Care Taker

IMG_3306It’s very important to remember in living with a chronic illness, that you are not alone. I don’t mean that solely in the sense of you as the patient having someone to support and care for you, but in remembering how your illness inevitably affects those around you.

Often in my lowest moments, my main thoughts drift to what an absolute pain in the neck I must be for my partner. How it would be so much easier, and infinitely more fun for him if he had elected to spend his life with someone ‘normal’. I worry that what I want for us, and for our future (from the massive to the mundane), is unachievable because I am almost always sick or in pain. I worry that he will feel he is losing out because of me.

I feel pathetic and weak in these moments and I hate to think of him ever viewing me in that way too. I try to remember the times he has been ill himself. I’ve never looked on him as being feeble or weak due to something out with his control, I’ve only ever tried to ease his pain or suffering and quietly wept for him to be well. I’ve prayed to a God I’d long since given up on that he would be dancing around the kitchen and playing air guitar with our cats at the earliest time possible. So I remember these things not because I want to picture him ill of course, but because it helps to cancel out the feelings of inadequacy I often feel about my own illness. It helps to reaffirm the fact that we are a partnership and not ‘carer and patient’.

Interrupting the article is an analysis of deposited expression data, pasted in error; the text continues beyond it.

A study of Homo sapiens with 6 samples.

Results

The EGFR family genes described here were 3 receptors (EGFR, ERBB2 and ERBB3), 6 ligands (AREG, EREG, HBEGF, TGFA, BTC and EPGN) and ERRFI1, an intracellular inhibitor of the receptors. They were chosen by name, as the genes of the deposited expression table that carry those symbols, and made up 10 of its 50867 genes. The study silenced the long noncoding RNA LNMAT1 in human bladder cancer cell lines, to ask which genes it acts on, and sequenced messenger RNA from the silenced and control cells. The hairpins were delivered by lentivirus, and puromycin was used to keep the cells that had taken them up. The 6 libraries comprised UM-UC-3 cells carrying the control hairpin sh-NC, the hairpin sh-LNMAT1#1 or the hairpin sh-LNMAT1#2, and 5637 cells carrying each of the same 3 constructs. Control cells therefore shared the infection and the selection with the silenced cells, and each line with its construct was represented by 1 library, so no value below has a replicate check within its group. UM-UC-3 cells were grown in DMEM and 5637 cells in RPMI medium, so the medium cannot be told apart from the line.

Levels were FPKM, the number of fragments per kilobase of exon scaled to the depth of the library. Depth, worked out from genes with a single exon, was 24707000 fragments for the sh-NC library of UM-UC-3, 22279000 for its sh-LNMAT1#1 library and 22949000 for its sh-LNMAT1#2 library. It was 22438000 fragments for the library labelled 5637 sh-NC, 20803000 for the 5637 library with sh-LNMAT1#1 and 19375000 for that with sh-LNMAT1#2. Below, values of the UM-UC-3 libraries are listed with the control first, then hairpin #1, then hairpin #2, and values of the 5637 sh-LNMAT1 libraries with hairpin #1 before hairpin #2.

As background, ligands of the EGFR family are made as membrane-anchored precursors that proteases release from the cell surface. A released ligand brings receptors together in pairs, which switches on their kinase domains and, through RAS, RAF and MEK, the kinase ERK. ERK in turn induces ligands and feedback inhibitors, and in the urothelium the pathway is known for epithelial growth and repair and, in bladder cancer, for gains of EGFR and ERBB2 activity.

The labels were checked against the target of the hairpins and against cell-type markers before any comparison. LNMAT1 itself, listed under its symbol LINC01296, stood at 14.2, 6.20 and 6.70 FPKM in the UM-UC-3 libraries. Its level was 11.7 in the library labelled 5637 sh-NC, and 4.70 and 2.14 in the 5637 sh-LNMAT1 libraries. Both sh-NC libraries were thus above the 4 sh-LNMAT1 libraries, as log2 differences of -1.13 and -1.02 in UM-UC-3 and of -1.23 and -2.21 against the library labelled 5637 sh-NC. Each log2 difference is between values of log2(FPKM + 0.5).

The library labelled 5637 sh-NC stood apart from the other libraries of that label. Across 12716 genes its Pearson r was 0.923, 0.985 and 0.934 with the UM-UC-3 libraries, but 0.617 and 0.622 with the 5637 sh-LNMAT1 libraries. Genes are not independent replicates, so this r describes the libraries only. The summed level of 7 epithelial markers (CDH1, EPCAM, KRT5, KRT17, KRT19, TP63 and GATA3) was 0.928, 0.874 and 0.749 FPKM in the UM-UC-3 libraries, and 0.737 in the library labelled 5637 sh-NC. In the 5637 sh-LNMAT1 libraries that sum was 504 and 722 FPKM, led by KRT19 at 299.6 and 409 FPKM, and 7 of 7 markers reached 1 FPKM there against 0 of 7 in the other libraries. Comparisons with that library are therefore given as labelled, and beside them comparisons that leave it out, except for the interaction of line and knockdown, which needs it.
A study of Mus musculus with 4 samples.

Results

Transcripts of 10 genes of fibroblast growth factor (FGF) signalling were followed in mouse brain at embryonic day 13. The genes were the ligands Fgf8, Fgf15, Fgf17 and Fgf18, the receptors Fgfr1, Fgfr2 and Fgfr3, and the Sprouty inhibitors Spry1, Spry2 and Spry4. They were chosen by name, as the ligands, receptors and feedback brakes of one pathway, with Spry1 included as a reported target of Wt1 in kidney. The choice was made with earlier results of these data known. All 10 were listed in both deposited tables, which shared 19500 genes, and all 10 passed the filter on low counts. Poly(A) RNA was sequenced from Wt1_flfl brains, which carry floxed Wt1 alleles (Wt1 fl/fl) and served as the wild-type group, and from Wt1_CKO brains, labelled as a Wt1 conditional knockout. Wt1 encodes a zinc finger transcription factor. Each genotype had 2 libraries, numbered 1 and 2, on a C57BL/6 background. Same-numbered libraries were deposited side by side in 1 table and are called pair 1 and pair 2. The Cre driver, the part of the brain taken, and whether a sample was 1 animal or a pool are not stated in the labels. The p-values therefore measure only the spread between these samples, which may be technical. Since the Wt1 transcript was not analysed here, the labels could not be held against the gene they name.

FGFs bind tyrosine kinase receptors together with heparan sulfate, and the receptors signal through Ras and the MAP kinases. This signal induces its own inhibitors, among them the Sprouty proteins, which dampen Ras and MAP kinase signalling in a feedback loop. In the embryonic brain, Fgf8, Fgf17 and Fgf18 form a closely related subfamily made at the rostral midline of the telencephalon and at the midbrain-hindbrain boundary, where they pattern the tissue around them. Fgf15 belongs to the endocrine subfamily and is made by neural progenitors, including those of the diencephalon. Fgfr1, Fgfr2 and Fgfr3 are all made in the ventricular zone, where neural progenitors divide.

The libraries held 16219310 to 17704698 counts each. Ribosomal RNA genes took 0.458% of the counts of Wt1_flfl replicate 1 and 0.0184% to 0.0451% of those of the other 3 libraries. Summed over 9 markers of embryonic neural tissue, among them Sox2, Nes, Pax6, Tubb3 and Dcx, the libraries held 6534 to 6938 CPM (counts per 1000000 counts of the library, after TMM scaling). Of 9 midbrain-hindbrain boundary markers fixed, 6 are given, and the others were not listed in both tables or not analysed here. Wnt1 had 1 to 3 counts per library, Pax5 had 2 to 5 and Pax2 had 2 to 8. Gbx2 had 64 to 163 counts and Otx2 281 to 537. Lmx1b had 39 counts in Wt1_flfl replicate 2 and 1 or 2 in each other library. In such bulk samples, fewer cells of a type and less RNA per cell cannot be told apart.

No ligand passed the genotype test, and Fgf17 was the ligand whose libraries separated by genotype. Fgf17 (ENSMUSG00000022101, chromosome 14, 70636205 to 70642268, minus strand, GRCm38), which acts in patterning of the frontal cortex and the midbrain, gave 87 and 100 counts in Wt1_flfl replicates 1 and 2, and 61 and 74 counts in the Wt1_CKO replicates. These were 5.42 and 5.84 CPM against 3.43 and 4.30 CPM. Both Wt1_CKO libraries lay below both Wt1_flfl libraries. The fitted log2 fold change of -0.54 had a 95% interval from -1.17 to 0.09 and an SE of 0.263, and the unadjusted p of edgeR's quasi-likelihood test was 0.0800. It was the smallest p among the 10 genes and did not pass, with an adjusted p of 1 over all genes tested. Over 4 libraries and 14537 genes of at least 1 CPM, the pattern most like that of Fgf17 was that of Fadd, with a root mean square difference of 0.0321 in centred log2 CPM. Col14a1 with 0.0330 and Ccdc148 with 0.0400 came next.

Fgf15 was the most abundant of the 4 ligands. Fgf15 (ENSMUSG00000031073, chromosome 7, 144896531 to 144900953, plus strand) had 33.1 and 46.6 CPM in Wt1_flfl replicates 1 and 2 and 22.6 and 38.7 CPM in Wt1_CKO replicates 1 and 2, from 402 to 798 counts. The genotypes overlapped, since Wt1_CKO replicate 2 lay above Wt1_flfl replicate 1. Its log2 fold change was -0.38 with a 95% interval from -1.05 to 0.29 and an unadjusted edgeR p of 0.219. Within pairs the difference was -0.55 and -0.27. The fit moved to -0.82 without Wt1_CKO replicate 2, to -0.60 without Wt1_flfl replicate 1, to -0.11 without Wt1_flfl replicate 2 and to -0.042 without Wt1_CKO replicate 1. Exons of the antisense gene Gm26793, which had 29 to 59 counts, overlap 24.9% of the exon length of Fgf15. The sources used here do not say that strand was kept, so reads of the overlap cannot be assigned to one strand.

It’s vital to remember how important that relationship can be: regardless of who cares for whom. You may live with your significant other, family or friends – irrespective of who pays the rent they all have their own role to play in helping you keep afloat both mentally and physically. Don’t ever take those who love and care for you for granted, and don’t ever doubt that they go above and beyond for you not out of a misguided sense of duty, but because they want only the best for you. If that means all they can do is mop a fevered brow or run you a bath then so be it. It possibly seems a small step to them but it’s a giant leap towards independence and positivity for the patient.

Written by Kathleen Nicholls from Crohnological Order. Visit her site for more personal stories about her life with Crohn’s Disease.